Archive for April, 2009

Making Your Final Decision

Friday, April 24th, 2009

Just one more week till the May 1 deadline for making your final decision about college. Some of my students have been agonizing all month about which school to choose, and they don’t always appreciate it when I point out that this is a good problem to have. But if you’re having trouble deciding between two colleges, that means you really like both of them, and you can be happy at either school. Once you make a decision, you’ll invest emotionally in that school and you’ll start to feel excited about going to college. 

 

Some students decide to double deposit in order to keep their options open, but this is considered unethical, and if colleges find out, your admission can be revoked at both schools.  If you’re on a wait list, you do need to submit an enrollment deposit at another college so that you have a place to go in the fall. If you are admitted from the wait list at your preferred school, you just forfeit the deposit at the first college. 

Getting A Better Financial Offer

Thursday, April 2nd, 2009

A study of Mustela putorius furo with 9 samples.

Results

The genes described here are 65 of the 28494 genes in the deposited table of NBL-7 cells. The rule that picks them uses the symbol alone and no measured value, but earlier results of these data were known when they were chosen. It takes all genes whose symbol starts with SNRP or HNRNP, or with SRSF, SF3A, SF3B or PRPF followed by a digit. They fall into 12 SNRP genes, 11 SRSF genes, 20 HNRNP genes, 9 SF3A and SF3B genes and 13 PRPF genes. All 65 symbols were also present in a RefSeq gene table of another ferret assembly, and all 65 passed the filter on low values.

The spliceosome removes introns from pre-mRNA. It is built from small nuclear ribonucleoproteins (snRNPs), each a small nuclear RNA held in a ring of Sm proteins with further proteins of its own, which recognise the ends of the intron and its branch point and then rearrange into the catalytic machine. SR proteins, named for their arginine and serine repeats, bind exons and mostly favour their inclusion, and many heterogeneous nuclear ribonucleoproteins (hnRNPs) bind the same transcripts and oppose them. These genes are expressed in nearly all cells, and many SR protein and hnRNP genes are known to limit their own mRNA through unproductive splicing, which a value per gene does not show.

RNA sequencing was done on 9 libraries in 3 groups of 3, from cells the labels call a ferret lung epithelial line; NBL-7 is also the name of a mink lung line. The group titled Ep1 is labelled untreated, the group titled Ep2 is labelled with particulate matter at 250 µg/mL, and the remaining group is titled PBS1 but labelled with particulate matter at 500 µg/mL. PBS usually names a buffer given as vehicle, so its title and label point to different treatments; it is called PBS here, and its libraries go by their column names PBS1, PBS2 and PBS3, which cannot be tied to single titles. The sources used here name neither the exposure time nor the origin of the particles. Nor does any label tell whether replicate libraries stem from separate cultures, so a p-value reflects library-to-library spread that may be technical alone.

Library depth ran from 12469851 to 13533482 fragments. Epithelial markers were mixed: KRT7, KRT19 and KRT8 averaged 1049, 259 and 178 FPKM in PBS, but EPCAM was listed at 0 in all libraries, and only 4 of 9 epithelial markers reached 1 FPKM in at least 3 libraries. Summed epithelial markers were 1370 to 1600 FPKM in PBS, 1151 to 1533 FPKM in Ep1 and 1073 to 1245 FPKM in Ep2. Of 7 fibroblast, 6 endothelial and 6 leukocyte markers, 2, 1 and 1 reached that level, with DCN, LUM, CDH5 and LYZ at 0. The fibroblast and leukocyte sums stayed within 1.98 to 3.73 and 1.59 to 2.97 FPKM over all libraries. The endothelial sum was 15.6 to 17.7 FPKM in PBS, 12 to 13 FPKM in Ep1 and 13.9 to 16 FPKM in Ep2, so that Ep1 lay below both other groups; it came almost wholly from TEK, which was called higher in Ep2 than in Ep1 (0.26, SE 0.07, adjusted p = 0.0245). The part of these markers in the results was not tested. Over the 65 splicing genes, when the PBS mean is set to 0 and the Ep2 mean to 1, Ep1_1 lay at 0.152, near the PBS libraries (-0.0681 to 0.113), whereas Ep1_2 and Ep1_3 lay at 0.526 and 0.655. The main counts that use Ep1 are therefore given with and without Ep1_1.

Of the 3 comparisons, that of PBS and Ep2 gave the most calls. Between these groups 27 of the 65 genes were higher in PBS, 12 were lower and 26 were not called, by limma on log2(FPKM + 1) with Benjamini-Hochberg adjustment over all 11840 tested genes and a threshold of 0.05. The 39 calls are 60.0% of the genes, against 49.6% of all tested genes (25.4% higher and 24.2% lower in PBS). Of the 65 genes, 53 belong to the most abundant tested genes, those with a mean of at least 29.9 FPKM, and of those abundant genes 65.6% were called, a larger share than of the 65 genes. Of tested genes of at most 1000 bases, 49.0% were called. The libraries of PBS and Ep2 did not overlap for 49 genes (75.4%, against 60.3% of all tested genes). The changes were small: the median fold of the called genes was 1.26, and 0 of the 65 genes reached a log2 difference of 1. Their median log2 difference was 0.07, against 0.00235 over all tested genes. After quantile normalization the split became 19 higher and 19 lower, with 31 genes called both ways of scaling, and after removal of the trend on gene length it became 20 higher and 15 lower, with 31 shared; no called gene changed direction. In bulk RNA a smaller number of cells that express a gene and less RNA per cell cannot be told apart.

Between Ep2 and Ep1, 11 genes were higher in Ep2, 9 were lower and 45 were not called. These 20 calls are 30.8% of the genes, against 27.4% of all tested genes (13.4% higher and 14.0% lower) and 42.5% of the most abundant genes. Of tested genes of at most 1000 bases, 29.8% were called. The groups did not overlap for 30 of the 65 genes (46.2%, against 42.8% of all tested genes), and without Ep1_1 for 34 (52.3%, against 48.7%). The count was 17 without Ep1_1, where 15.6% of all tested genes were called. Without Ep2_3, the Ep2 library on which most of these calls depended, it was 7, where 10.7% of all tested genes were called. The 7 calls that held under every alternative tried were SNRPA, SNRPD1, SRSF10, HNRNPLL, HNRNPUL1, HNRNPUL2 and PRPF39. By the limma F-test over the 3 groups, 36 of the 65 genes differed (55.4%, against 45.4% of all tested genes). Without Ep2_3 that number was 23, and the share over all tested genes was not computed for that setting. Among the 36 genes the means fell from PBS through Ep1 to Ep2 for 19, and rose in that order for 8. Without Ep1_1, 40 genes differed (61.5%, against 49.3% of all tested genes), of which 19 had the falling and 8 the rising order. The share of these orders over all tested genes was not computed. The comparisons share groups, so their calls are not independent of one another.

In recent weeks, I’ve received phone calls and emails from lots of happy students who have been admitted to their favorite colleges. Many have also been awarded generous merit scholarships or financial aid packages.

 

That’s important, because getting into a school you can’t afford to attend is painfully frustrating. If your financial aid package is not what you expected, it is possible to appeal. If there are special circumstances, such as a job loss or death of a parent, contact the financial aid office. They may be able to improve the package. If another school has offered a financial aid package that has more grants and fewer loans, you can send a copy of the better offer and the financial aid office may match the other school’s offer. Some colleges engage in preferential packaging, where the best aid packages go to the students they want the most.

 

In addition to providing more need-based aid, some liberal arts colleges are increasing merit scholarships in order to make their school financially attractive. Students are in the strongest position if other, similar colleges have made better offers. You can send copies of those offers to your favorite college, which may be more likely to increase its offer this year, rather than lose a desirable student.

 

For students who will be applying to college in the fall, it’s more important than ever to do your research and apply to a number of similar colleges that are likely to award good financial packages, so that you can then take those offers to the school you prefer. If that school matches the offer, you have the school you want at a more affordable cost. If your preferred school does not match the offer, you can decide whether the school would provide a significantly better college experience that is worth the extra money, or whether you would be just as happy at one of the schools that will cost less.